Gas Fireplace

I moved into a house that has a switch operated glass-enclosed gas
fireplace that uses a real chimney (i.e. does not vent out the side of
the house). The last gas fireplace I owned had a flue (it was not
glass enclosed, you had to light it with a match), but I can't seem to
find the lever for this one. There are metal vents above and below
the glass enclosure that open down, but I don't see anything in there
that resembles a flue lever. Is it possible this one just doesn't
have one?
The reason I ask is because when it gets cold enough outside the area
around the fireplace becomes very drafty if the fire is not lit.
Reply to
In article on Fri, 4 Jan 2008 07:33:40 -
Gas fireplaces are forbidden, by most building codes, from having flue dampers.
Reply to
Seth Goodman
if it's completely glass sealed in the front, the flue has a damper in it that opens when the rising hot air pushes it up. that damper may be stuck open. however, if it's sealed, where are the drafts coming from?
the vents above and below are so that when the firebox heats, natural convection will pull air from the bottom which exits out the top heated. that air path should not be opened to the outside anywhere.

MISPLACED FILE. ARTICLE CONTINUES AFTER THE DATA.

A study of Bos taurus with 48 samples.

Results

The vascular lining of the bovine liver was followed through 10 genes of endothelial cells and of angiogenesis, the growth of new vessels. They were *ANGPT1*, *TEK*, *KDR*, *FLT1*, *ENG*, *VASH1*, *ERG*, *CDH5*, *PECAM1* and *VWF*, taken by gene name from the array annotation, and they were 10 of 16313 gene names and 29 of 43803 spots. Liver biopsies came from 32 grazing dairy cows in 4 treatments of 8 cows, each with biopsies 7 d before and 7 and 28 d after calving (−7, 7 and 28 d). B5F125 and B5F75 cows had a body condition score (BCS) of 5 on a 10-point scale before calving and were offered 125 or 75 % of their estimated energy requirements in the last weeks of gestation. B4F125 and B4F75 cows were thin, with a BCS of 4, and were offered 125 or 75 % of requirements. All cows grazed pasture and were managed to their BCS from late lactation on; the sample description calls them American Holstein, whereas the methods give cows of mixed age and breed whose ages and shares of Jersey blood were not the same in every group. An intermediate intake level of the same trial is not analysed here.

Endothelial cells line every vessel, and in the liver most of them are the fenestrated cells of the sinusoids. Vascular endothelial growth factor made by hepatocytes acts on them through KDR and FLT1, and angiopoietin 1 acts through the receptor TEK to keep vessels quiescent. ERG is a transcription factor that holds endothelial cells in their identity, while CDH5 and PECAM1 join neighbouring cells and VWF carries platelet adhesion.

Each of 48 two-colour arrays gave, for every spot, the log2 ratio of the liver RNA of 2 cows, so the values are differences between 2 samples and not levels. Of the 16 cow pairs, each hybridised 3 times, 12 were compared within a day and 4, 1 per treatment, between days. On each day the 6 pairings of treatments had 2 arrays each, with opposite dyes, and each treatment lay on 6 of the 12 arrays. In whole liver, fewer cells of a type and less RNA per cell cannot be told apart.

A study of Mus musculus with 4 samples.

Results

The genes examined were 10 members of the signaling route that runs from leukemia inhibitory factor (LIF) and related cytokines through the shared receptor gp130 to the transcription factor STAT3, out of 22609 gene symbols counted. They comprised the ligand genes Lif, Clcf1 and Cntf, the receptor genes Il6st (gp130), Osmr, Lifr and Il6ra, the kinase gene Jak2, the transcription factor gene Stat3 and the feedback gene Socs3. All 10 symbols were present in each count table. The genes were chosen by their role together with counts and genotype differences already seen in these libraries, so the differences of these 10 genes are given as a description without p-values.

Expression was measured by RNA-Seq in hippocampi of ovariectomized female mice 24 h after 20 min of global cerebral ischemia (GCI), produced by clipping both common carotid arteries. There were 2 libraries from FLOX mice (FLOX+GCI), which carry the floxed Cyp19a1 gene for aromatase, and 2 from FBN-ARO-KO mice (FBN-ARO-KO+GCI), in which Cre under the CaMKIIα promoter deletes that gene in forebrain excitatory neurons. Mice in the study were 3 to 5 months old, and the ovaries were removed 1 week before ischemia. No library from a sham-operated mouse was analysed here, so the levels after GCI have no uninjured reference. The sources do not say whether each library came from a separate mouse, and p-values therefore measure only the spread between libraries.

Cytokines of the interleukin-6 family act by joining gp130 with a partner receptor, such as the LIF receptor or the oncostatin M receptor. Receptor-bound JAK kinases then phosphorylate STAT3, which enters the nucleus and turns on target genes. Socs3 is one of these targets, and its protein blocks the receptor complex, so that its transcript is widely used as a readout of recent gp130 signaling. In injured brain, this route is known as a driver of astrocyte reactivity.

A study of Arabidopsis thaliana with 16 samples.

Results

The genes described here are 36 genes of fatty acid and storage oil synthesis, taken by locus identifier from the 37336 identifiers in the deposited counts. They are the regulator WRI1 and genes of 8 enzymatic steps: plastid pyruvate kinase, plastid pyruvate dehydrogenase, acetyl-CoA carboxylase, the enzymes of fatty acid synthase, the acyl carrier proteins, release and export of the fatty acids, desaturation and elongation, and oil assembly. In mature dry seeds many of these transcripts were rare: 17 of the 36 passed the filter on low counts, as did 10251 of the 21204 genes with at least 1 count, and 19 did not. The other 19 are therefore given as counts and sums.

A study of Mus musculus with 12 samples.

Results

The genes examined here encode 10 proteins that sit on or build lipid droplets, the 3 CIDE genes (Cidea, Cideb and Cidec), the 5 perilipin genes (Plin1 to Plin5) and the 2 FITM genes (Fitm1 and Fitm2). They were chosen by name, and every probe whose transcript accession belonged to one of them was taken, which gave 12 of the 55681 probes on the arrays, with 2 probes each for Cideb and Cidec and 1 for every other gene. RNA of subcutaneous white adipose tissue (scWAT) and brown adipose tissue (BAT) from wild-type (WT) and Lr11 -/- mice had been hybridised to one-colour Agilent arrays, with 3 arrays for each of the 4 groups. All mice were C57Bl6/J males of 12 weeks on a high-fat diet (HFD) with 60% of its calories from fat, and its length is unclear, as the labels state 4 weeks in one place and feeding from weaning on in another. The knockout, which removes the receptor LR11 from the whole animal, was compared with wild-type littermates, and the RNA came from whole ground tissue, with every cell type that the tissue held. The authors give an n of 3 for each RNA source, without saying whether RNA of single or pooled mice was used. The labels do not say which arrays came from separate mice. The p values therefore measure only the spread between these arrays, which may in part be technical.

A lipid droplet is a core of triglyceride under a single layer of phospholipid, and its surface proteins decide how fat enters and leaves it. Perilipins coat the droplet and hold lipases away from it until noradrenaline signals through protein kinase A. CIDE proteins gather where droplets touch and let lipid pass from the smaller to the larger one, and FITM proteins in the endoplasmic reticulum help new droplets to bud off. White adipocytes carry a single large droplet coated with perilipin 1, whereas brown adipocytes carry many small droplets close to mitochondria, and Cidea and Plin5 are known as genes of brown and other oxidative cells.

regards, charlie cave creek, az
Reply to
On Jan 4, 10:28 am, "charlie" wrote:
If I put my hand above the glass enclosure I don't feel any cold air, but if I put it below the enclosure I can feel the cold air. I see a solid aluminum pipe going straight out the top of the fireplace and a flexible hose running to the bottom of the fireplace.
Reply to
My gas fireplace vents to the side, no flue. I don't ever light it, so I stuffed insulation under the cover. No more drafts. Occasionally, I have to stop birds from building nests near the outlet pipe.
Reply to
Perhaps replace the gas fireplace with an electric logs one that will fit the space. This doesn't require a vent and you can put in seals to plug up air leaks. I think a suitable electric log one should run from $400 to $800. That's a under $1000 for a permanent and good looking solution.